I have to admit, writing a post that claims to make accurate predictions about what anything, let alone something as rapidly innovative as web design, will be like in 20 years is probably impossible. Except, perhaps, if I limit myself to broad predictions in line with current breakthroughs that have yet to take hold on a large scale.
Which might sound like cheating, but it’s actually following a pretty well established pattern of technological innovation and adoption.
In general, new technological breakthroughs take about 20-30 years before they are broadly adopted as the new norm. Ironically it is at that point, 20-30 years later that they become widely know as “the next big thing” even though they’ve been around for quite some time in limited circles consisting of inventors, theorists, and advanced research labs like the MIT Media Lab or DARPA (Defense Advanced Research Projects Agency). A few good examples include: the internet itself, email, and wearable computers.
The Internet began as the ARPANET in 1969 but it wasn’t until the 1990’s(a little over 20 years later) that it became the big new thing that every business and individual was learning about and connecting to.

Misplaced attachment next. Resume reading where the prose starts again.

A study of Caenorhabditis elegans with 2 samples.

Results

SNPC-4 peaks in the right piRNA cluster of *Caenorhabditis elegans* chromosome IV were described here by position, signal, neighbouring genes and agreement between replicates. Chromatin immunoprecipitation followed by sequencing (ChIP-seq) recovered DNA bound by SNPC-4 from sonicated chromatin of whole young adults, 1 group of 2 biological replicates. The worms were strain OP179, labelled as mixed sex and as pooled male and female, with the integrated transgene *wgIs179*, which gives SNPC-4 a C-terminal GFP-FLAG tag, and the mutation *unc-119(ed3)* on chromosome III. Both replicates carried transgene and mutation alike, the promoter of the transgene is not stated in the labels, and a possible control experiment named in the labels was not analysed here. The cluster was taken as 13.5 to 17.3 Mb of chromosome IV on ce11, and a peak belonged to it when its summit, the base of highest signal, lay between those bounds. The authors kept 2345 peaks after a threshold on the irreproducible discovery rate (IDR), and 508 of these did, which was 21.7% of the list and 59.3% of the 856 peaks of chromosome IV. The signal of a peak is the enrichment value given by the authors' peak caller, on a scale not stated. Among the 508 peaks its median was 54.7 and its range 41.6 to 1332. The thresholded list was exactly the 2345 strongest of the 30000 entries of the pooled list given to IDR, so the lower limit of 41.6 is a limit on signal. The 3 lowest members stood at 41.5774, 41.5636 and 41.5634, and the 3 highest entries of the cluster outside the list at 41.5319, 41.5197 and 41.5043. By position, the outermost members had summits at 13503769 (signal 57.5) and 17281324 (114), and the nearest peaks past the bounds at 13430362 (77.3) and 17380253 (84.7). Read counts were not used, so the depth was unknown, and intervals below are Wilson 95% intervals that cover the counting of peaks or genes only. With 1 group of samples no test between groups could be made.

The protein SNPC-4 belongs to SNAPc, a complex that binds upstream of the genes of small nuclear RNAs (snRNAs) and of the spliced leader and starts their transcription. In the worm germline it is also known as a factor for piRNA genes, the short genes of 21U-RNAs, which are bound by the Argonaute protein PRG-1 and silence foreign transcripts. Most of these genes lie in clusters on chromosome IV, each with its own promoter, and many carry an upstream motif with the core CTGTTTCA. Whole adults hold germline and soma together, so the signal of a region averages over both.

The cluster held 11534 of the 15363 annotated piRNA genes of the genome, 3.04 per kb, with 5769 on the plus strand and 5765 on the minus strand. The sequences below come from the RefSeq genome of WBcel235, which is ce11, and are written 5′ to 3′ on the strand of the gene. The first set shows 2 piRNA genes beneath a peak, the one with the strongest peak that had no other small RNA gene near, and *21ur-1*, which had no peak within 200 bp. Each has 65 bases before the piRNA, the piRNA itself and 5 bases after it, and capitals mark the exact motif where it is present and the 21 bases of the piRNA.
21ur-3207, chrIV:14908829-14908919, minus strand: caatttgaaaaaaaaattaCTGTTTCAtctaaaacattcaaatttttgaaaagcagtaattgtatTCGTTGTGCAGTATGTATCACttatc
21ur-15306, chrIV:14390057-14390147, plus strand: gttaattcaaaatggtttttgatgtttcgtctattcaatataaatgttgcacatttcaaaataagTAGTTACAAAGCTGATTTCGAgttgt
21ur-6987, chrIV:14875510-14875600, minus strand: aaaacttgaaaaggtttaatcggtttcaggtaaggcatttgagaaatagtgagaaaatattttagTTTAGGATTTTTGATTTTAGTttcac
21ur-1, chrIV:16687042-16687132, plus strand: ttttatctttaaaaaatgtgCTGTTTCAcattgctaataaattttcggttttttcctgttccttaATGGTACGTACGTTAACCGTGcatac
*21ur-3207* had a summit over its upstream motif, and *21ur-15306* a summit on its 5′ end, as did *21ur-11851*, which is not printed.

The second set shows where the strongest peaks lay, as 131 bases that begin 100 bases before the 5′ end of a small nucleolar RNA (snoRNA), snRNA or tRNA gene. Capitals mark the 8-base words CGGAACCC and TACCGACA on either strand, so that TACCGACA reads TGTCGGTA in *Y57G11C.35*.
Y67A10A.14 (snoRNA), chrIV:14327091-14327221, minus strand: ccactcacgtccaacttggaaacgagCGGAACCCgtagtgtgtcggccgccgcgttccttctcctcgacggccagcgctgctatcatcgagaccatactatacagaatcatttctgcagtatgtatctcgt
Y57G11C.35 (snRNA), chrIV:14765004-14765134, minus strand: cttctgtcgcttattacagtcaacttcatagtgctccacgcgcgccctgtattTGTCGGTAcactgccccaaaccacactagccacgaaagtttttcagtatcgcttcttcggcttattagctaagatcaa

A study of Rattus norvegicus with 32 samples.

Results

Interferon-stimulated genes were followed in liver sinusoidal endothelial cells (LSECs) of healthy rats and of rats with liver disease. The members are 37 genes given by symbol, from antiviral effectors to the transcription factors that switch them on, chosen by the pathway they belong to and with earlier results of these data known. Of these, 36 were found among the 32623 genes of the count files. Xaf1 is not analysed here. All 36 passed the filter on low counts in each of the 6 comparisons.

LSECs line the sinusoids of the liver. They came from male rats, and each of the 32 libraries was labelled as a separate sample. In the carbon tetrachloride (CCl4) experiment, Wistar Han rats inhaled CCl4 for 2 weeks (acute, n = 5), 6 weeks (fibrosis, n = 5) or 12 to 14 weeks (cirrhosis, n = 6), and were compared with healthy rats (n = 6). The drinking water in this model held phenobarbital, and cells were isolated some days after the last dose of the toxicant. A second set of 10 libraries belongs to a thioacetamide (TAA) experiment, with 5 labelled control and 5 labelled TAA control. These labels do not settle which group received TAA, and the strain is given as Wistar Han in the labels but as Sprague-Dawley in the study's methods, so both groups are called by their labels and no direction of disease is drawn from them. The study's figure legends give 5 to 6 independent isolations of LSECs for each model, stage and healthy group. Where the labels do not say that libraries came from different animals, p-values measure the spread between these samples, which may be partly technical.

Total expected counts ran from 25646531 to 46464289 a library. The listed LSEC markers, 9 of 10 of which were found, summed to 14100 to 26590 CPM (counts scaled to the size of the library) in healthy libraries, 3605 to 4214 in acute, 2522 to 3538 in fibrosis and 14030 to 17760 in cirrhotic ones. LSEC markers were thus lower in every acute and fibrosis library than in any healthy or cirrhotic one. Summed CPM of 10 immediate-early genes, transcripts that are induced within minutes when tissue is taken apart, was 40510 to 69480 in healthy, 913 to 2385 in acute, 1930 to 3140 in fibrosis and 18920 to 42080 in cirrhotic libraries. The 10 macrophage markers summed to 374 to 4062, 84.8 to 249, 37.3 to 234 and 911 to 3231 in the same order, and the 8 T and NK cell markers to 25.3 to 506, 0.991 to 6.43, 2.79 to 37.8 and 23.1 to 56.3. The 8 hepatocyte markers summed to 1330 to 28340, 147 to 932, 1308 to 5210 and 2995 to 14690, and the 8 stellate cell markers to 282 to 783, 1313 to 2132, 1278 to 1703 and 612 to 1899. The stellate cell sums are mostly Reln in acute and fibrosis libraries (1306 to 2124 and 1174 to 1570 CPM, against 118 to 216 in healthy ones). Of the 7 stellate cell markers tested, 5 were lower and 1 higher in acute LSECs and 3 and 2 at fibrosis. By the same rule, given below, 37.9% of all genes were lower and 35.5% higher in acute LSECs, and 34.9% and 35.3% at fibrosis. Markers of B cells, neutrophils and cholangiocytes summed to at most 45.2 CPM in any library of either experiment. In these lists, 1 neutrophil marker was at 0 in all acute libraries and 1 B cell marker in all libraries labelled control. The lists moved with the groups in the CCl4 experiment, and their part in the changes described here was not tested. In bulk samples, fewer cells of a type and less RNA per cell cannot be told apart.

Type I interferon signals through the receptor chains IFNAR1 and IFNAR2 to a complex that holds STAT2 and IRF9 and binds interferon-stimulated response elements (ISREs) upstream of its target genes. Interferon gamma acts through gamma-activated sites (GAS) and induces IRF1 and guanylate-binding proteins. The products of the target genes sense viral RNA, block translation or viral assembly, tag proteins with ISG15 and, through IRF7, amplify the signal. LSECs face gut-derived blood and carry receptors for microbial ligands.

Similarly, the first hosted email service was MIT’s CTSS MAIL in 1965. It wasn’t until the early 1990’s that email services for the general public began to pop up and become the new standard of business and personal communication.
And finally we have wearable computers. These began with Dr. Steve Mann who was building wearable computers in the 80’s (in high school), joined the MIT Media Lab in 1991, and with new help and resources continued building the discipline until it has begun to penetrate the broader popular market with products like Google Glass and the Apple iWatch, among many others to come.
As you can see from the images above, there was a long process of iteration and refinement in wearable computers before we got to where we are today. Design of course is a huge part of this process, but in a purely aesthetic sense is not a top priority until the technology itself has proven itself.
To give a WordPress example: we’ve all seen plugins that start out functioning fine but look ugly that over time get updates to their design that make them both highly functional and quite beautiful. In this way, design is even farther behind the curve than the technology we’re adopting some 20-30 years after it was invented.
This is why in the section below, before we get into the concepts and ideas that might dominate web design in 20 years, I’d like to explore the intimate connection between web design and its dependent technology–computers.